The latest variants of Zeus or Zbot aren't as easy to detect like they used to be. They used to checkin to their Command and Control servers using specific filenames like "in.php" followed by a digital string. The webserver would then issue an 200 OK message, issue its next command, and the whole thing would repeat like clockwork every few minutes.
Now most variants are UDP based. They don't rely on replies from the webserver and the payload is typically encoded. Worse yet, there is no clear pattern of beaconing. This makes signatures obsolete as a detection. You also can't rely on network statistics to catch it either.
In RSA FirstWatch, we are running constant streams of malware and infected VMs past some heavy-duty decoders to find the latest threats, patterns and trends. Below are some recent rules that everyone should preview to find some of these latest threats. And check out the massive UDP Botnet traffic we are already identifying!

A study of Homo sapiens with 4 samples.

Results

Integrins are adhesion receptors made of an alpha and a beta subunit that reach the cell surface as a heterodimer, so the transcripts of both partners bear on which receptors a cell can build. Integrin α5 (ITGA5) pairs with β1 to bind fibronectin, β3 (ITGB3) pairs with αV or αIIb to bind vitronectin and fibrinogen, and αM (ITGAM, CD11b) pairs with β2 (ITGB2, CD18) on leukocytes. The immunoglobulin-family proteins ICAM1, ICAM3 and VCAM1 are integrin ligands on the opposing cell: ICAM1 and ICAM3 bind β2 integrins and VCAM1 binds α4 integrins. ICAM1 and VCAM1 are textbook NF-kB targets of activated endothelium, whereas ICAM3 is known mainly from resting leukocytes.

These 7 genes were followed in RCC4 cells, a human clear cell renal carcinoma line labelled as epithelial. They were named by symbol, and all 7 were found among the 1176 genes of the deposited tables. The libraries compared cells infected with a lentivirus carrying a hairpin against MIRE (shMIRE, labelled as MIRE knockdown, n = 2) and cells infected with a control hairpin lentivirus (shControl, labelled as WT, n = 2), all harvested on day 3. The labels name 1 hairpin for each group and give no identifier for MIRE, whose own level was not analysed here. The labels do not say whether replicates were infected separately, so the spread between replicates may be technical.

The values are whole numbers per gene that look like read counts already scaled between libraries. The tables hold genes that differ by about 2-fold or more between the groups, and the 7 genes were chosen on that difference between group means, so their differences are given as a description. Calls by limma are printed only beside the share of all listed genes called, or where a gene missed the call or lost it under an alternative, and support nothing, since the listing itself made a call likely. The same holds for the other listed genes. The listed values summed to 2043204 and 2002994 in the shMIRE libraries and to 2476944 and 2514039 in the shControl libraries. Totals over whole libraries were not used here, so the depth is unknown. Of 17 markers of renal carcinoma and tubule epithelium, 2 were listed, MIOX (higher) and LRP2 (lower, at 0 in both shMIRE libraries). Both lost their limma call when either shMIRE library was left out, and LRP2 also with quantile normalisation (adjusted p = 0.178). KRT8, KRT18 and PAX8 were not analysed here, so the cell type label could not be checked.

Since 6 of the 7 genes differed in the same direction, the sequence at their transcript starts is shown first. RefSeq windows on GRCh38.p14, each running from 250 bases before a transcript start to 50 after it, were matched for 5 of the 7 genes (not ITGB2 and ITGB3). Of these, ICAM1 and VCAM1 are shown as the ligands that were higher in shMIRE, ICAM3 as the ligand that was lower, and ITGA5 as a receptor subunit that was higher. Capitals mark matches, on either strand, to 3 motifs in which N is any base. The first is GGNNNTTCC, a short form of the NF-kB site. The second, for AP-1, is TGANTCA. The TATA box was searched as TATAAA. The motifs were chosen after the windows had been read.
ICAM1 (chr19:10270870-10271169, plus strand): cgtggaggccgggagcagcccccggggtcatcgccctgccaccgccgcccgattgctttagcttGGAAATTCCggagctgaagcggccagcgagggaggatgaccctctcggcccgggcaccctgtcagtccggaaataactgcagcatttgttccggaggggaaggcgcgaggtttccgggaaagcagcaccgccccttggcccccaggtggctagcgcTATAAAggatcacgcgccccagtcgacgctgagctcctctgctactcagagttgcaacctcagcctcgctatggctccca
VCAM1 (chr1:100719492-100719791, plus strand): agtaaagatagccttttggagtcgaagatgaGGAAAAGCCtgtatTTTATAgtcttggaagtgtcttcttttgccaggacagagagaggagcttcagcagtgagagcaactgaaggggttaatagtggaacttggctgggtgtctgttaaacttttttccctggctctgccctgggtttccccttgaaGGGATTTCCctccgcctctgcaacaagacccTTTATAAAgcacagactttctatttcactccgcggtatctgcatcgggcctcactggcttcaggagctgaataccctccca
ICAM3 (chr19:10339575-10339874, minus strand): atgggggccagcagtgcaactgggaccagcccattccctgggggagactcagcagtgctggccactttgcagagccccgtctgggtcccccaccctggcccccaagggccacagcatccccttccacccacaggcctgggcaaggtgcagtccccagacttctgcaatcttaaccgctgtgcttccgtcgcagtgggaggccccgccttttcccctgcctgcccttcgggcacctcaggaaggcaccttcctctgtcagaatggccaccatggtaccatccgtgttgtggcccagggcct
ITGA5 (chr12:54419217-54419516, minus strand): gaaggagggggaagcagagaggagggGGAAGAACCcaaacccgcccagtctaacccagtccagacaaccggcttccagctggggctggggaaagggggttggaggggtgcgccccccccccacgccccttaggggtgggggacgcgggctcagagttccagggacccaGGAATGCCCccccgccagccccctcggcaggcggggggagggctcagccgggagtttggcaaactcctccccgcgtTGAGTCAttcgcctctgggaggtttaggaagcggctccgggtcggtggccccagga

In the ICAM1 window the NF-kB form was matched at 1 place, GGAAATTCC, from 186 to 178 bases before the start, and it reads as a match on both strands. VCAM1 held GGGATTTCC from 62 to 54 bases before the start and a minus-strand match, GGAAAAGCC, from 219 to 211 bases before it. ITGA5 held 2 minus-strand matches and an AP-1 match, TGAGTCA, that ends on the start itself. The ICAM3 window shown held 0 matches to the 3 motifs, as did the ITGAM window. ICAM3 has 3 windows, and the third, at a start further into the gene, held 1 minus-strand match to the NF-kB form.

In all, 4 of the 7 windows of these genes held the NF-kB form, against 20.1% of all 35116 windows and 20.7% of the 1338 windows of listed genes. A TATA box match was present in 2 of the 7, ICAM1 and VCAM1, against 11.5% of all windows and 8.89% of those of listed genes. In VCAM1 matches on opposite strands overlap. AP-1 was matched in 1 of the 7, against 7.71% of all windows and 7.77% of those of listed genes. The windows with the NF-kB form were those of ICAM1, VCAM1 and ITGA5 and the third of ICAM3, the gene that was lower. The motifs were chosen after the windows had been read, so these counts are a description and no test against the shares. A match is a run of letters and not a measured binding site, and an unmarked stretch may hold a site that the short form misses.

But to find UDP beaconing on your own, look in service OTHER, click on the UDP Target Port EXISTS drill and start looking at unusual highport UDP traffic. The trick here is to locate new botnets you don't already know about, so I'll filter out all of my alerts shown above. Now I am left with a list of UDP High Ports that should be looked at and researched to see if the IPs involved match any known published ZBot variants.
Drilling into the highest value port, 18216, shows multiple VMs all visited the same destination IP. I'm going to guess its malicious, but want to drill into the session to inspect the traffic.
And yes, the payload looks encoded.
So now I Google search the destination IP and I come up with a Sophos Page that describes the exact traffic I'm seeing to this host, released two days ago, which is called Troj/PWS-CBX. This page also helpfully lists a number of additional IP addresses and ports I can use to create a new Detection Rule. I would call this rule Sophos UDP Beaconing Troj/PWS-CBX
its contents: service=0 && ip.dst=126.96.36.199,188.8.131.52,184.108.40.206,220.127.116.11,18.104.22.168,22.214.171.124,126.96.36.199,188.8.131.52,184.108.40.206,220.127.116.11
Now I have taken a new piece of observed malware behavior, automated its detection, and will be able to identify it going forward. Tomorrow I'll filter out that activity as well so I can concentrate on finding only new threats.
So keep your eyes on that unusual high-port UDP traffic. Its likely hiding Zbot variants.